The Muslim Brotherhood has "clear links" to terrorist attacks in Egypt, Foreign Minister Sameh Shoukry has said.
Speaking to journalists at a joint Egyptian-Ethiopian committee in Addis Ababa, Shoukry said he was surprised some states do not acknowledge these links, state news agency MENA reported on Monday.
Deadly attacks on police and army targets have been on the rise over the past year, expanding to Cairo and the Nile Delta after being mostly concentrated in the Sinai Peninsula. Civilians have also been caught up in the violence.
The Brotherhood, which has continually protested against the government since the ouster of Islamist president Mohamed Morsi last year, has said it remains committed to peaceful opposition.
Shoukry said a British probe into the Brotherhood's activities in its territory might lead to a "different approach" from the UK.
There must be an "international approach" to eradicating terrorism, he added.
He said the issue goes beyond ISIS, which has taken over areas of Iraq and Syria. The US has formed a coalition with ten Arab states to combat the radical Islamist militant group.
Shoukry reiterated that Egypt, which is part of the coalition, will utilise its religious institutions to impact the ability of such groups to recruit new fighters and to "dry up" funding sources.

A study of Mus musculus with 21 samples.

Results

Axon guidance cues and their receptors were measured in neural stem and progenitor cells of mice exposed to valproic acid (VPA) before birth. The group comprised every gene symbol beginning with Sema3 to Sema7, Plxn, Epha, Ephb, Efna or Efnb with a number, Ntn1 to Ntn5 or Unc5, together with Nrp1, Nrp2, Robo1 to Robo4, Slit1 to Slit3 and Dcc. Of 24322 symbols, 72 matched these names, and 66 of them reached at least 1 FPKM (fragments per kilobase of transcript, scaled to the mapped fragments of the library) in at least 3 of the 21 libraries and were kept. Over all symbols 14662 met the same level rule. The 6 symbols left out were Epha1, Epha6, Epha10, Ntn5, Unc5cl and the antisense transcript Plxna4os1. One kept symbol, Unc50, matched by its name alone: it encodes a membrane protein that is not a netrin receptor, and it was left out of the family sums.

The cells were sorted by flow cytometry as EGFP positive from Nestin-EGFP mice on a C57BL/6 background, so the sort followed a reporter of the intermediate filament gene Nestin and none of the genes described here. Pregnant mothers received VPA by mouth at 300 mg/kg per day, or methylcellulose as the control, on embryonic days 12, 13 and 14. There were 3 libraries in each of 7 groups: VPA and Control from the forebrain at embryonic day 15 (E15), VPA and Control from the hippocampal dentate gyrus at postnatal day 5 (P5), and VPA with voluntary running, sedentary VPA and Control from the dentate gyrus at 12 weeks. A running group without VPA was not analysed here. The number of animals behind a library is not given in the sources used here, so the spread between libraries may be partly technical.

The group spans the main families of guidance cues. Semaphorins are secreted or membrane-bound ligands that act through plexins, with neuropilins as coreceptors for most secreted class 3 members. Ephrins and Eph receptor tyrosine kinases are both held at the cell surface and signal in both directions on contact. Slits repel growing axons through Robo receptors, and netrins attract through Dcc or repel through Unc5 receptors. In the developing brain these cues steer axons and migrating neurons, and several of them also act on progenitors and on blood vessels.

Egypt has been facing a decade-long jihadist insurgency in Sinai. Hundreds of police and military forces have been killed over the past year and the army has killed and arrested hundreds of alleged militants.
There is speculation that ISIS has links with jihadist groups in Sinai, where the army is creating a buffer zone along the border with Gaza and has imposed a three-month state of emergency.
Ethiopia dam discussions
Meanwhile, Shoukry said the technical committee delegated to study the effects of Ethiopia's Grand Renaissance Project had "overcome long-standing difficulties."
He said the potential harmful effects of the dam were not only related to its construction, but also to technical issues such as filling the reservoir or the amount of water needed for generating power – issues that could be solved.
Ethiopia, which has completed 40 percent of the $4.2 billion project, has previously delivered several studies on the safety and design of the dam.
Egypt, Ethiopia and Sudan, which have been engaged in talks for months on the issue, are expected to choose an international firm to conduct further studies on the dam by December.
Shoukry arrived in Ethiopia on Sunday to attend the fifth session of the joint Egyptian-Ethiopian talks.
Ministers from both countries are discussing political, economic and commercial means to enhance the interests of the two countries.
The two countries have been embroiled since last year in disagreement over the construction of the dam in Ethiopia, but have recently started a process to resolve points of contention between them.
Egypt will likely need an additional 21 billion cubic metres of water per year by 2050 – on top of its current 55 billion cubic metre quota – to meet the water needs of a projected population of 150 million, according to Egypt's National Planning Institute.